Spectroscopy and ICP

The MCLinc laboratory facility is equipped with an array of spectroscopy techniques including UV, UV/Vis, FTIR, ICP-OES, and ICP-MS.

Fourier transform infrared spectroscopy (FTIR)

By monitoring the absorbance of the a range of wavelengths or frequencies of an infra-red light as it is transmitted through or reflected from (IR reflectance) a sample, a characteristic infra-red spectrum can be obtained. Sensitivity allows for analysis of elemental concentrations in the ppm to ppb range and/or to surface regimes on the order of 1-10 atomic layers. Typical applications include:

          • Identification of extractable organic components from a device or wafer surface or PWB
          • Identification of contamination (oils, polymers, solvents, fluxes, greases, etc.)
          • Identification of unknown solid organic compounds (powders or residues and solvent or liquid organic)

Inductively Coupled Plasma Spectroscopy (ICP-OES)

Inductively Coupled Plasma Spectroscopy is used for highly accurate analysis of major and minor constituents in a wide range of materials. Plasma emission spectroscopy (OES) involved introducing a sample solution into the core of high temperature inductively coupled argon plasma (ICP). At temperatures near 8,000 °C, the thermally excited elements emit light at characteristic wavelengths, which is detected by a spectrometer. The light is diffracted, amplified, and analyzed to identify and quantify elemental concentrations in the sample.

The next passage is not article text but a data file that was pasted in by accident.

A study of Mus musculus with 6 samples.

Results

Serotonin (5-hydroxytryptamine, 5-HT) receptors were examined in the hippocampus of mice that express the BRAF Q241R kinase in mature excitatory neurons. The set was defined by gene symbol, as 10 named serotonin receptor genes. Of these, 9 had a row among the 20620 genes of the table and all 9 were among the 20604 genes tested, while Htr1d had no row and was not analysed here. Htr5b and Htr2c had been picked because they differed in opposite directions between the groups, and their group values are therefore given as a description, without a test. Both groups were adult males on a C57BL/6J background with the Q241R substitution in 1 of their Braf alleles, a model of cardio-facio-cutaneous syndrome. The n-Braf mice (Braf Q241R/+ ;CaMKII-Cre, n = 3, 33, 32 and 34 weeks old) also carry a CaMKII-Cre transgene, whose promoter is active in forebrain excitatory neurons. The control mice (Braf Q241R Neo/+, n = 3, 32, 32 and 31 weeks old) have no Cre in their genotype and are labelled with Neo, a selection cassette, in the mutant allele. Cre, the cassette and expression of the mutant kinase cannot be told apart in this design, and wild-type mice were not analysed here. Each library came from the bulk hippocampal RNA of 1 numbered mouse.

Inductively Coupled Plasma Mass Spectrometry (ICP-MS)

Inductively Coupled Plasma Mass Spectrometry or ICP-MS is an analytical technique used for elemental determinations. When paired with plasma mass spectroscopy (MS), inductively coupled argon plasma (ICP) is used to generate ions, which are then introduced to the mass analyzer. These ions are then separated and collected according to their mass to charge ratios. The elemental concentrations in the sample are then identified and quantified.

Ultraviolet and Visible (UV-Vis)

Ultraviolet and visible (UV-Vis) absorption spectroscopy is the measurement of the attenuation of a beam of light after it passes through a solution or after reflection from a sample surface. Analyte concentration in solution can be determined by measuring the absorbance, transmission, or reflectance at some characteristic wavelength. A UV-Vis spectrum may be used for characterization of the optical or electronic properties of materials such as transition metal ions, highly conjugated organic compounds, and biological macromolecules.